On episode 81 of the ChooseFI podcast, Brad and Jonathan interviewed Cait Flanders, author of the book, The Year of Less. In this book Cait detailed her journey with consumerism and debt, and her path to freedom from both. She experimented with lifestyle changes, did some soul searching, and even implemented a year long shopping ban.
In 2014, Cait embarked on her first year long shopping ban. Her experiment was so successful, she decided to repeat it again in 2015.
The criteria for her shopping bans were relatively simple–she was allowed to purchase consumables such as gas, toothpaste and food. Anything else had to be a necessity that couldn’t be mended or creatively created. She only allowed herself to purchase items that were completely in need of being replaced and used regularly, such as shoes that were completely worn out and needed for work.
On her blog, Cait details a few helpful insights on why taking a year long shopping ban could be useful. Of course, there is more to it than the money saved. Starting with a month long shopping ban might be the way to start if the whole year feels overwhelming. But if you like a challenge, jump right in and see how a year long shopping ban can impact your life!
First, Track What You Use
Do you actually know how many hair products you really use or the products you like the best? If you open your bathroom cabinets to an array of different products in every category–everything from facial creams to deodorants; you may be unaware of which products you truly enjoy using. And how long it takes you to cycle through a bottle or tube. The kitchen pantry is another hiding place for items pushed to the far back, long forgotten, unused and possibly expired.
Cait shared that many of us end up with way too many things in our kitchen pantries and medicine cabinets. Many of these items eventually expire because we simply don’t know what we have. Take note of what you use daily, weekly, or for special occasions. Then see what is still usable and what needs to be tossed. It doesn't need to be complicated. Paying attention is the first step.
We often end up with too many different options in our possession because we don’t know what we like or how much we actually use. This leads to clutter in our closets and waste in our budgets.
Then, Confront Your Past Purchases
Consumables in our medicine cabinet and kitchen pantries are an easy place to begin. Our closets and our bookshelves, also, often have more than we need in them. One of the most brilliant things about a shopping ban is that you get the opportunity to address your past purchasing behavior.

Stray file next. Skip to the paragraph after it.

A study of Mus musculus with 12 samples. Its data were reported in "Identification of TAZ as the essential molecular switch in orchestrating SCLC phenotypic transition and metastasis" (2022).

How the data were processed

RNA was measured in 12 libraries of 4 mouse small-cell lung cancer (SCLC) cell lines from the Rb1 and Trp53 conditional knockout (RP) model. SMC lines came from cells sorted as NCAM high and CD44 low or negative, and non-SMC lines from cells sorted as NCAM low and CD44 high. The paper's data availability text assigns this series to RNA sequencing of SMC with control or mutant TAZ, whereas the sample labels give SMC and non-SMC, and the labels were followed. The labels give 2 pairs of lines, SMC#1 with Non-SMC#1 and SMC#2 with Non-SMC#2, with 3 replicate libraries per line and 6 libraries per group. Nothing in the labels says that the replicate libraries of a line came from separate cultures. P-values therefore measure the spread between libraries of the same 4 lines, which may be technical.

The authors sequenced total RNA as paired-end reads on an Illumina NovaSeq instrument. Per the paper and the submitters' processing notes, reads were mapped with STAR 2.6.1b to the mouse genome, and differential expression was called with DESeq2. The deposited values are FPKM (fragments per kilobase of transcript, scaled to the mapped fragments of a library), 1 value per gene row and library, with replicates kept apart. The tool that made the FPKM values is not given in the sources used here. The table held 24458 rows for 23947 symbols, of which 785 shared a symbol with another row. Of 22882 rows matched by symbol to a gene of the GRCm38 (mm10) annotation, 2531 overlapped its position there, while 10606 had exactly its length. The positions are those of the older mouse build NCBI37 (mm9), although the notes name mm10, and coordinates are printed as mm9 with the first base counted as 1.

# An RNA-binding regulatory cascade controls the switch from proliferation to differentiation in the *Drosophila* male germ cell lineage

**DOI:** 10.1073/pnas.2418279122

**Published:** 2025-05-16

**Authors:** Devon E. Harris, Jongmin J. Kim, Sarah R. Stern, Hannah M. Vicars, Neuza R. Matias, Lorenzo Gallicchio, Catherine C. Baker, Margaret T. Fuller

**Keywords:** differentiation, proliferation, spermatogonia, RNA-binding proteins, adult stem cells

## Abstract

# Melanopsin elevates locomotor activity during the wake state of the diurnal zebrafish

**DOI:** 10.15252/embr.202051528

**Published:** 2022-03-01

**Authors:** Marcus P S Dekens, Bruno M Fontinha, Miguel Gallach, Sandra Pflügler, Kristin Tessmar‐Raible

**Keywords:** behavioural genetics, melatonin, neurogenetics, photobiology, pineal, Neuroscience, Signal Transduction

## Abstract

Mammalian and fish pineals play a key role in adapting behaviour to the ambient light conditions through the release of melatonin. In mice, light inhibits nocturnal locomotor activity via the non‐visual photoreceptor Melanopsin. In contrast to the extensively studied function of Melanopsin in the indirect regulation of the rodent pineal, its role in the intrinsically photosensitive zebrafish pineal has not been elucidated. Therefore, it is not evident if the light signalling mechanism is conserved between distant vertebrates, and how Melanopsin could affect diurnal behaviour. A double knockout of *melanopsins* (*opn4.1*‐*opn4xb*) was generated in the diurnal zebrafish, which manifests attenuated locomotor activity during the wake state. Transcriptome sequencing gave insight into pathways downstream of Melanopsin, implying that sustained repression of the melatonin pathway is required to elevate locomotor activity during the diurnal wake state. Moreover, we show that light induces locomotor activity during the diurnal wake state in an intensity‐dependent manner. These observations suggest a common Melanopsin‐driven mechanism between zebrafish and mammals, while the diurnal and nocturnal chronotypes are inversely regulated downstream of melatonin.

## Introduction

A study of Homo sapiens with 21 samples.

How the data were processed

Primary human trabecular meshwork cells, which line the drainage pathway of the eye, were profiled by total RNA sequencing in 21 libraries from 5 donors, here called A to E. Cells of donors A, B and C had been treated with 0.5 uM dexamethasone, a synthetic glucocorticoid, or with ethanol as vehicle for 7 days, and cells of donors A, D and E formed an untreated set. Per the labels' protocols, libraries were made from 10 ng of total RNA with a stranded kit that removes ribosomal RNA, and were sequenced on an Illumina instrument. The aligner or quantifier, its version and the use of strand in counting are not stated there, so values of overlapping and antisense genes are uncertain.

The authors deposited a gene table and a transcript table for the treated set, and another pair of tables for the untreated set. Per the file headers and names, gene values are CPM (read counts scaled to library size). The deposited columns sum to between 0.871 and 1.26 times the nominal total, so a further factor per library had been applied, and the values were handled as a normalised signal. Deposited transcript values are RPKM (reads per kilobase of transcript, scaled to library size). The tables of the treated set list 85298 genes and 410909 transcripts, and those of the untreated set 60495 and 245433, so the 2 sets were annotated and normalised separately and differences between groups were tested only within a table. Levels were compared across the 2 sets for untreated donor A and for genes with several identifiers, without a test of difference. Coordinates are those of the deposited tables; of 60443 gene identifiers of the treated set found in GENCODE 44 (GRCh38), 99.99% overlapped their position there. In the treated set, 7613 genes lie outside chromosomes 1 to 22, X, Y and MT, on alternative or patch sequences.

How many of us have workout equipment we don’t use? And yet, we purchase a new gadget because we think it will finally motivate us to get fit. How many books do we have collecting dust that we’ve never read? When we step foot in a bookstore, a temporary case of amnesia and a bit of emotional euphoria overwhelms our decision making, only to repeat the cycle and buy one more.
When you can't buy something new, you have to face what you already own. It can be eye opening to see how many things you bought with high hopes but never actually used. Now’s the time to use that language software you purchased three years ago!
But Wait–A Catch With Consumables!
While one could argue that you technically are “consuming” Starbucks Coffee and last minute takeout, a shopping ban would argue back that these habitual purchases should be explored. What are the costs compared to the benefits?
What would your life look life if you included a focus on reducing waste and spending by DIY’ing your food? If all pre-prepared food and beverages were included in your ban–you could see huge strides in your savings rate and your skills in the kitchen. It's likely you’d have less food waste, and more money in your wallet. A bonus would be to use all those kitchen gadgets you've been “too busy” to use and truly take stock of what you’ve already acquired.
Learn What And Who Deserves Space In Your Life
As part of her year long shopping ban, Cait also did a sizable purge of all of the clutter in her life. This created space for the things that mattered most. When you are in the midst of a shopping ban, you might look at the things around you with a different eye. Letting go of items that are just taking space is the next step.
Additionally, it can affect relationships. You may have worries about the impact a year long shopping ban will have on your social life. Will people still want to be your friend if you’re not down for a weekend at the Outlet Mall or another night of bar hopping? What will your family think if you ask to skip purchasing Christmas and birthday gifts?
Part of this process is determining what is important to you. And you may decide that certain relationships, which were simply predicated on spending money and acquiring stuff, may be challenging to maintain.
Conversely, you may find brilliant hacks and creative methods to still have fun–without buying stuff. Entertaining at home, hiking instead of shopping, and volunteering as a family instead of shopping for gifts are some simple options. It's likely to be challenging but it also may help you realize who deserves the most time and space in your life.
You May Rethink Ownership
Most of us have a fascination with owning things–we are taught, at a young age, ownership equals fulfillment. But a shopping ban turns that on its head. When you are not buying things and spending money simply to have “fun”– you’ll likely have built up some muscles to be willing to borrow instead of owning.
Do you really need to own so many power tools and gadgets? Could you rent, borrow, or outsource? Can you learn how to repair or do something for yourself without a quick fix that’s promised in the purchase of a new item? What can you barter and trade amongst your friends? Borrowing has its perks!
A shopping ban takes effort, creativity, and focus. Who better than the FIRE community to put this to the test!